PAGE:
The pandemic has thrown everything about our lives into turmoil, and how we help homeless Utahns is no exception.
This past year, providers scrambled to accommodate the need to socially distance. They reduced beds at the resource centers and lined up overflow shelters and hotel rooms, a patchwork of improvised solutions to keep people safe from the elements and the coronavirus.
They managed to pull it off, to a remarkable degree.
At the same time, it certainly appears we’ve had a dramatic increase in people camping in parks and sidewalks — observations that will likely be validated when the new count of homeless Utahns is released in a few weeks.
And, while COVID-19 certainly complicated things, it’s not all that different from where we were a year prior, when a winter overflow shelter had to be set up at the old Deseret Industries building in Sugar House.
It’s why Salt Lake City Mayor Erin Mendenhall was correct when she told The Salt Lake Tribune editorial board last week: “I believe we do need another shelter.”
When the state restructured its homeless services, the goal was to move people into longer-term solutions more quickly, essentially getting them back on their feet. And by doing that, the state could have fewer shelter beds.
It’s a strategy with merit. Homelessness has always been the product of complex factors — joblessness, an unaffordable housing market, addiction and mental illness among them. Targeting those underlying causes moves us away from simply warehousing human beings because we don’t know what else to do.
But planning the new resource centers based on an aspirational goal was always a gamble.
It has not paid off, at least not yet.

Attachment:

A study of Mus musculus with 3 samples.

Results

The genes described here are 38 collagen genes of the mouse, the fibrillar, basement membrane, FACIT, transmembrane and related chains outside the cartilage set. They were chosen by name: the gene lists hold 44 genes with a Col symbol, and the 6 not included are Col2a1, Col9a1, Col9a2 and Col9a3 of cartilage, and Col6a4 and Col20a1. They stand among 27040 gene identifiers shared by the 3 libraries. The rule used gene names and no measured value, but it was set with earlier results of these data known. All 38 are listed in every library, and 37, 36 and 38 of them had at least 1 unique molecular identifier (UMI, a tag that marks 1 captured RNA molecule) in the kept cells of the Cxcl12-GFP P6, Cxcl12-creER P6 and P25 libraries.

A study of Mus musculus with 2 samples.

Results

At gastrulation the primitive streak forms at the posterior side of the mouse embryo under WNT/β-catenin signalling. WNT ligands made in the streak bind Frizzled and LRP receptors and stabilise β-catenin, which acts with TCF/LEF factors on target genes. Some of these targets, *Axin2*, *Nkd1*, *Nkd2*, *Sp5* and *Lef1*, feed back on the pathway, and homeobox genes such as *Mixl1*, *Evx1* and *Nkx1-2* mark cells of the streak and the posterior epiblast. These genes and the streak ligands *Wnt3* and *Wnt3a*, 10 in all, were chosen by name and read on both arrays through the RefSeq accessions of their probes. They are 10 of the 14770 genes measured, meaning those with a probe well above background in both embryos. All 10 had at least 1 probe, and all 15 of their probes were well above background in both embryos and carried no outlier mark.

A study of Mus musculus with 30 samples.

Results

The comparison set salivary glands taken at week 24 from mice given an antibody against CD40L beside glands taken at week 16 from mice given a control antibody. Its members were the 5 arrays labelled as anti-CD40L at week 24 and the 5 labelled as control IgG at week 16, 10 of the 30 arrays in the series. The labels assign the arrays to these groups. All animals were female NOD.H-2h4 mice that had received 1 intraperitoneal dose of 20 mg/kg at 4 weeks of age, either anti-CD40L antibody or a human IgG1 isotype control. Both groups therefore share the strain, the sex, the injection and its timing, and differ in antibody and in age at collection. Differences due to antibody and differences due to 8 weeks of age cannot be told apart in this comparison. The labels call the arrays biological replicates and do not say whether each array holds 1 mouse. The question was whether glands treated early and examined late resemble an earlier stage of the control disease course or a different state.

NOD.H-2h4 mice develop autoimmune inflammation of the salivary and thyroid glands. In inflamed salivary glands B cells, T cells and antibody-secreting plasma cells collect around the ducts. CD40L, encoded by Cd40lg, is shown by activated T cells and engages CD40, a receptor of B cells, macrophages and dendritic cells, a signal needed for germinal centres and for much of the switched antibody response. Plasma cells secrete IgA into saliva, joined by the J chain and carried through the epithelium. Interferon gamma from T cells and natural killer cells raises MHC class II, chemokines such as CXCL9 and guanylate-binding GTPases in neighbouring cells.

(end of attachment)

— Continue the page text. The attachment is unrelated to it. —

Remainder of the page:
David Kelly, chairman of the Pioneer Park Coalition, said simply adding more shelter space doesn’t solve the problem.
“It’s not necessarily an issue of capacity. Do we add 300 more beds? Is that going to get it to where [campsites in] Rio Grande and Fleet Block and Taufer Park start to disappear? I highly doubt it,” he told me Friday. Instead of more money, he said, there needs to be a focus on making sure the resources available have the greatest impact.
He is, of course, right about that, as well. And there’s some reasons to hope things will get better.
A few weeks ago, Gov. Spencer Cox signed legislation that will restructure the governance of homeless aid and consolidate programs under the new Office of Homeless Services in the Department of Workforce Services — the state “homeless czar,” as it is sometimes called.
Lawmakers also allocated $50 million for affordable housing and homeless programs — the only long-term solution to homelessness — which business leaders have pledged to match with $730 million of their own.
With clearer, streamlined leadership and a big influx of resources and without the burden of the pandemic, it’s possible we could see progress toward that lofty vision.
In the meantime, however, we can’t ignore the immediate need for a more cohesive, sustainable shelter strategy. If not a new shelter, like the mayor is calling for, then at the very least an emergency overflow for those cold winter months.
Even if we were able to manage to keep up with the current need, as Mendenhall astutely points out, we live in one of the fastest growing states in the country, and it’s logical to assume that our homeless population will grow at a comparable pace.
This COVID year has been a period of just trying to stay afloat. As we emerge from the pandemic and as new resources and new state leaders come online, there is an opportunity to reevaluate the direction we’re headed.
Part of that will be reassessing our resource center needs and, challenging as it may be, finding a workable solution to help more people find a safe place to stay for a few days.